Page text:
Thursday, July 9, 2009

telling stories, telling lies, teaching truth

Today, Fr. Ken looked me straight in the eye and asked me a shocking question.

He followed it with a shocking personal revelation.

He was smiling, and his blue eyes twinkled, but I still panicked a little, unsettled. I wiped my sweaty palms on my pants and took a breath.

Was he serious? What should I say? How to answer such a question?

I had a feeling my answer was important, but I wasn't quite sure why. Was he testing me? Seeing where I stood? Wondering if they had made the right choice when they hired me?

I took a breath and dove in.

"Yes," I answered.

"I have thought about becoming a saint."

Fr. Ken really asked me this today, and, quite frankly, I believe he wanted me to answer. He might have been surprised to discover that I have given it some thought, but I don't think so. I have the feeling he already knew the answer. He was just trying to get ME to discover it.

What led to such a profound conversation? The current project we're working on in my office involves writing copy for our website. And where there's writing, there are words. And where there are words, there's amazing, unbelieveable, awe-inspiring....power.


Yep, that's what I said. Power. And with power comes responsiblity. And challenge. And most importantly, with words come


What Fr. Ken was trying to illicit from me was not just a confused "Huh?"
Rather, he wanted a story - more exactly, he wanted MY story. He wanted to know why I wanted to be a saint. He wanted to know who had influenced me, why I had chosen my path in life. He was hoping to inspire the writing I would do for the website.

He wanted me to function in the most profound capacity for which I had been hired.

He wanted me to be a storyteller.

Once I grasped this, he hit me with the personal revelation about the life of priests that is sure to shock.

Did you know, my dear friends, that sermons are not always true?

According to Fr. Ken, priests sometimes do a bit of er, embellishing when it comes to their sermons. Have you ever noticed they tell charming little stories to hook you, to get the Gospel to come alive?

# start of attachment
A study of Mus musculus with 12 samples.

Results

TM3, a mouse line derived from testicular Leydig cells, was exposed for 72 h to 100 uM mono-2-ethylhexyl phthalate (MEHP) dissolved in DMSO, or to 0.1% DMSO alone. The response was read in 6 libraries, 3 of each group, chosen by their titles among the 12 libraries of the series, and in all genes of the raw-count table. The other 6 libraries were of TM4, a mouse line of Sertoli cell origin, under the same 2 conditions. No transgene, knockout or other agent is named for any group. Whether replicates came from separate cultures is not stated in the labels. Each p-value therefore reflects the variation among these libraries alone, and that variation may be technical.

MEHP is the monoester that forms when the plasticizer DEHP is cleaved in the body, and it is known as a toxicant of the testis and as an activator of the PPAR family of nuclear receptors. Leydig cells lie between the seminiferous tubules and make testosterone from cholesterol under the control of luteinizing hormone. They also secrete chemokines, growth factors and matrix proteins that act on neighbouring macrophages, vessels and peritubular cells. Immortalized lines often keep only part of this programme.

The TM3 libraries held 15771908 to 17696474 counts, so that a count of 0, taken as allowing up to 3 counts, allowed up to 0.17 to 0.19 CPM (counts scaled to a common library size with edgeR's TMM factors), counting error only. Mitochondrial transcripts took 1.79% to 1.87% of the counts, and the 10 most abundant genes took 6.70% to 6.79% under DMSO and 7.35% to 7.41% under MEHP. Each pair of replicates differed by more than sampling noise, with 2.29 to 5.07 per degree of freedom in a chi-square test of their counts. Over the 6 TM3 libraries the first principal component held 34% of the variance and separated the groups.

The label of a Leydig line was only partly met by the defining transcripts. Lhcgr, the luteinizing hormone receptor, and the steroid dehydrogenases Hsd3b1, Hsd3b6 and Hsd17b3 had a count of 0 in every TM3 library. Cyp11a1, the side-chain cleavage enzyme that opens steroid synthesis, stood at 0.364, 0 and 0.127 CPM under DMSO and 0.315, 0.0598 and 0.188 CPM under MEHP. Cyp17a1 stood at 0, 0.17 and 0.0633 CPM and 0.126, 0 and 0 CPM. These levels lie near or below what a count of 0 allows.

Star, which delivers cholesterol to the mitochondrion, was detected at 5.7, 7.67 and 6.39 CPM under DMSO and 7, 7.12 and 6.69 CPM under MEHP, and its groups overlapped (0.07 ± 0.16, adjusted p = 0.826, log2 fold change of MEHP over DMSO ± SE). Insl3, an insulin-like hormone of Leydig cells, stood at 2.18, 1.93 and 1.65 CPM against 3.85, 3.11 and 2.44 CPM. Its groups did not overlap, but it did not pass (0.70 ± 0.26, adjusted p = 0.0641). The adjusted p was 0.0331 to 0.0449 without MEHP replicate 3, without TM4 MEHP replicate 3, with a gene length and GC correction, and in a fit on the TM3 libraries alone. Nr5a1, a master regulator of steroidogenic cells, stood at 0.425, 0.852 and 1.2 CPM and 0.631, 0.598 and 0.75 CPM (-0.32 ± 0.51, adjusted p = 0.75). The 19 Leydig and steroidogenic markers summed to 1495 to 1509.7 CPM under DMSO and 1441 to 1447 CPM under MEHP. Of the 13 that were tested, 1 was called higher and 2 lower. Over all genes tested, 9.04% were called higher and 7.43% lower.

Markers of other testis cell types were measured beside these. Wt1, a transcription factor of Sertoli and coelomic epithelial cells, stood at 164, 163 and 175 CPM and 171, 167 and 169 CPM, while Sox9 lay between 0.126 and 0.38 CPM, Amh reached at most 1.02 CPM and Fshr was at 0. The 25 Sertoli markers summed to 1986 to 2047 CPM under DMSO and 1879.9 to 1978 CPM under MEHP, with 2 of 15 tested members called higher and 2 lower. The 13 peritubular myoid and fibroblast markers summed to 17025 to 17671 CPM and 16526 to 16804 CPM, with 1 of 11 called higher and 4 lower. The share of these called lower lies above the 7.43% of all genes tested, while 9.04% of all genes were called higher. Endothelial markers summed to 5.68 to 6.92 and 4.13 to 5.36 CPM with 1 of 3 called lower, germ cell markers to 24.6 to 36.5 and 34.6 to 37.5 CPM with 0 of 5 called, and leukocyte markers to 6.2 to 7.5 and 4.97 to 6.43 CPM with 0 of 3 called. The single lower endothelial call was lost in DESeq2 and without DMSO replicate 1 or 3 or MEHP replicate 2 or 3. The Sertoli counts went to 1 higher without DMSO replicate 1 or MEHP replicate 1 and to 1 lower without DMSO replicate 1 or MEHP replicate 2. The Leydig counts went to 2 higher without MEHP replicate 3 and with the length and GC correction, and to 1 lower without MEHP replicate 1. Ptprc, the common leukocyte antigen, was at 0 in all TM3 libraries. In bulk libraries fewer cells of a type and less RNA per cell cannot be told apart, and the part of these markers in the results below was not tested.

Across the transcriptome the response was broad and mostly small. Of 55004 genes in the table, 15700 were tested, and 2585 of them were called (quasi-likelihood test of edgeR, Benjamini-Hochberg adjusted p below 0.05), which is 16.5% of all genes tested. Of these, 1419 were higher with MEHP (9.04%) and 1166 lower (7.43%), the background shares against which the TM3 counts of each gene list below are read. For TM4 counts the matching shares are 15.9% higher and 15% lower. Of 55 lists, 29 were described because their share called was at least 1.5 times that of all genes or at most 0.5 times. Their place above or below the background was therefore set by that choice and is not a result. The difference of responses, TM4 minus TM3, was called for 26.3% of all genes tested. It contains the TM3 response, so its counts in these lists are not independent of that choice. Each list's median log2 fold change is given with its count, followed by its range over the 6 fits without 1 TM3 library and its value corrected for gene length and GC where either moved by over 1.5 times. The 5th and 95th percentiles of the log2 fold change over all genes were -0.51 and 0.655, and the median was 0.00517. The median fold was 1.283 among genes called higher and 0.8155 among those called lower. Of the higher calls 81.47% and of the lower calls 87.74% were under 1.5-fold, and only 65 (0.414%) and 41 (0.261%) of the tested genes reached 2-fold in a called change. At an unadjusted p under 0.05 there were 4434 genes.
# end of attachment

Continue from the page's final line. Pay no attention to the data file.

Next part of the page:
Sometimes they make them up.

Sometimes they tell stories about other folks and pretend they are about themselves.

But despite this creativity, these stories are still true, in the very best sense. As Father revealed to me, we can't ignore the facts: sermons are always true, and sometimes they really happened.

I thought about our conversation on the way home from work. I thought about it a great deal, especially when that guy cut me off on the freeway and I almost drove off the road.

Have you ever thought about becoming a saint?

Yeah, buddy, I'm thinking about it real hard right now. I could've been killed! What if I were? What kind of life am I leading? Am I becoming a saint?

I thought about it again at my doctor's appointment, particularly when the nurse informed me my blood pressure was sky high.

That's a dangerous number! I could have a stroke! This could be it for me. Am I ready? Have I really thought about becoming a saint?

I thought too about storytelling, and about the task that had been set before me. Designing website copy is all in a day's work, right? No big deal. Get some words out there, and there ya go.

At the risk of sounding like the biggest butt kisser in the history of the world, I must say that my employers deserve more than your average website, and I intend to give it to them. I didn't take this job just for the paycheck and the status and the pink desk - I took it because I believe God has placed me here for a reason.

Boy, that sounds awful. I don't like to use spiritual lingo to make me sound well, spiritual. But in this case I'm going to go wild and be honest.

The week before I was hired, I prayed. I didn't pray to get this job, although I really wanted it. I prayed that they would hire the person that would do the best for them, the person who would tell their stories with clarity. And perhaps, with power. And even truth.

So now I am that person. I'm not weighed down by the responsiblity. Rather, I feel lifted up by it. I'm going to be the storyteller they deserve.

And I might even be truthful.

As for this post,it may be not be entirely factual. Perhaps there has been some embellishment. But in my book, blog posts fall in the same category as sermons.

They are always true.

Once upon a time, there was a little girl with blonde pigtails and brown eyes. And she wanted to become a saint...

Thanks, Fr. Ken, for reminding me to write the story.

And perhaps even tell the truth.

1 comment:

Anne said...

This is a great story! I'm sure Fr. Ken is very glad he hired you and you will do your job well!

I saw your comment on my son's blog (Writings of a boy...).

This is a great blog-so glad to be here!